Well last night was the press night at Ghost The Musical in Cardiff, and we can now publish our first fan review of Ghost The Musical’s touring production.

The photo gallery attached are new photos taken by Sean Ebsworth Barnes

Ghost the Musical – Cardiff


Following Ghost closing in London last October it was announced that Ghost the Musical would embark on a full UK tour this year and immediately the questions began as to how the show could be made into a touring version whilst not detracting from the spectacle it was in its original format?


After witnessing the tour on its opening week in Cardiff it is clear that the spectacle has not lost anything in its touring guise, in fact the re-staging has enhanced the show.  Every visual element from London has been retained, it has new illusions and a much slicker show if that is possible.


Many have said that the video effects and numerous illusions are what sets this show apart from others before.  Whilst this is true on one hand, on the other if you were to strip away all the technology seen on the stage you would still be left with an emotional rollercoaster of a performance which is sure to strike a chord with every single person who experiences the show.


Rebecca Trehearn returns to the role of Molly Jensen which she understudied during the second half of the London run and is joined by Stewart Clarke as Sam Wheat.  The chemistry between the two is electric on stage from the first time they are seen in the loft apartment right up until the final goodbye.  In Stewart and Rebecca the show has the strongest Sam and Molly since the show began.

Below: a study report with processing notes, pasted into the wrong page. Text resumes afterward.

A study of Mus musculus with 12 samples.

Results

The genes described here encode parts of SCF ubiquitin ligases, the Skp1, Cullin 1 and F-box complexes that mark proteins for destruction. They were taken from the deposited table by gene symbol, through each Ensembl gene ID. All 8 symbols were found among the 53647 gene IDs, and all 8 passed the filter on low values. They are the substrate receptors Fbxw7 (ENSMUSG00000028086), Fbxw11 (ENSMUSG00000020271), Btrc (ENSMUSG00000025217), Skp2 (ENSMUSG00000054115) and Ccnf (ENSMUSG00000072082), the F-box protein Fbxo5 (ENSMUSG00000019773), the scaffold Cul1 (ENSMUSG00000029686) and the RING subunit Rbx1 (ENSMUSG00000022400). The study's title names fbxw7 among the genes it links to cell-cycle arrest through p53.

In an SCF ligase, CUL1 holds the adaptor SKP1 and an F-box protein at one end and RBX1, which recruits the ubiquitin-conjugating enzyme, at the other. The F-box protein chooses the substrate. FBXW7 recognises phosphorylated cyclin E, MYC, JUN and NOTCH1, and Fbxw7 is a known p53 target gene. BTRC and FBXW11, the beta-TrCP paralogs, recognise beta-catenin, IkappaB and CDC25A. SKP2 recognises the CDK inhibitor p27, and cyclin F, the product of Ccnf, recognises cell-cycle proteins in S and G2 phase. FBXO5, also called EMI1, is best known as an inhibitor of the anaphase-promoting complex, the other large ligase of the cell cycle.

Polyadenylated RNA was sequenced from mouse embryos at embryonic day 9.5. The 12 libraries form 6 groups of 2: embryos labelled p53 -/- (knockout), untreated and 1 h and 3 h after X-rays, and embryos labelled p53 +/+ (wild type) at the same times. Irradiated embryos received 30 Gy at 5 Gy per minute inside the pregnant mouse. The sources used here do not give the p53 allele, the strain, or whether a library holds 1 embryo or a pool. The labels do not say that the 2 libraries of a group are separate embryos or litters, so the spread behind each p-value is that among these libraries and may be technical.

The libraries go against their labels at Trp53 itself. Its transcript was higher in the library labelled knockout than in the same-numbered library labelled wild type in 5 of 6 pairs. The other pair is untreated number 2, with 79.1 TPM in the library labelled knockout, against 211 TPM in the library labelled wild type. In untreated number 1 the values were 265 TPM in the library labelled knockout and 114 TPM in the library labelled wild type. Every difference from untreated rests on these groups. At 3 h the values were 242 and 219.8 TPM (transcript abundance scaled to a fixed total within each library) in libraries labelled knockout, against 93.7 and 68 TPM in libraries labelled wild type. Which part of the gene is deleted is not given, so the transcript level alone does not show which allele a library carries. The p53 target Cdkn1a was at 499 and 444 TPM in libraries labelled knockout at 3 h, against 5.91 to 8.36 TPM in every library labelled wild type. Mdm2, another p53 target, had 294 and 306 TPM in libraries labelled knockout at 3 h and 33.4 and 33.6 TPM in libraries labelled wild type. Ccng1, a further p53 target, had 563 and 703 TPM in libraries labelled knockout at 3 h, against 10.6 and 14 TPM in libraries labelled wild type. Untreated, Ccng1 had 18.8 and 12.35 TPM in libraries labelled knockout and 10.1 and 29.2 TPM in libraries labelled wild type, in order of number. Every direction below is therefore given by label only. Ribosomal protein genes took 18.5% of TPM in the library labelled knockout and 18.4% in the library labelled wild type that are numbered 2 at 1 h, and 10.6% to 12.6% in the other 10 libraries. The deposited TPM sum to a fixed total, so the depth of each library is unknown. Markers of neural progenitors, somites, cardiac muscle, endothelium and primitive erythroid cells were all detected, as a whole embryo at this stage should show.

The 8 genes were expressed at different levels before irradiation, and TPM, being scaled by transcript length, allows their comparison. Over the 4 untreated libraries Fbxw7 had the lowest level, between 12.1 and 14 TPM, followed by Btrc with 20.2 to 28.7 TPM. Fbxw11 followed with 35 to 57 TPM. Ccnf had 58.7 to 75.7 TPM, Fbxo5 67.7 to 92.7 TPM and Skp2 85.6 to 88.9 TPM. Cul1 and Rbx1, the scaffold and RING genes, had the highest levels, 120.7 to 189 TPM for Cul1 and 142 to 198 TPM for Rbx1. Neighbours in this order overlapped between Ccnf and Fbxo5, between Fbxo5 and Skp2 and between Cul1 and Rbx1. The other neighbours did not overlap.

In a case of life imitating art Oda Mae Brown is played by Wendy Mae Brown!  Reading previews of the show before its opening some speculated that Wendy was born to play the role and after seeing her on stage it is clear these comments were spot on.  Her presence on stage never fails to bring a smile to your face.  With impeccable comic timing and a power house voice she is every inch Oda Mae and some more.  On the evening we were at the show she was applauded after every scene and much deserved it was too.


The final member of the leading foursome is Carl Bruner played on tour by David Roberts.  Interestingly as his predecessor Andrew Langtree did David has appeared previously in Mamma Mia which is proving to be a good breeding ground for this role.  David’s portrayal of Carl can best be described as lovingly menacing and you really connect with the pain and anguish he experiences as the story unfolds.


The ensemble in the show benefit from improved choreography on the tour and take a larger role.  With the absence of a hospital ghost in this production the hospital scene complete with new song ‘You Gotta Let Go’ is much enhanced.  A further change in the second half sees a reworked version of ‘Life Turns on a Dime’ sung by Carl.


So is the show better than the original?  That is for you to decide for yourself but one thing is for certain, Ghost the Musical is back where it belongs on a stage and is guaranteed to send audiences away each night emotionally drained.  There are few musicals that tug at the heart strings quite as strongly as this does.


The show continues on tour around the entire UK for the next 18 months so there is no excuse for you not to catch it near you and believe all over again!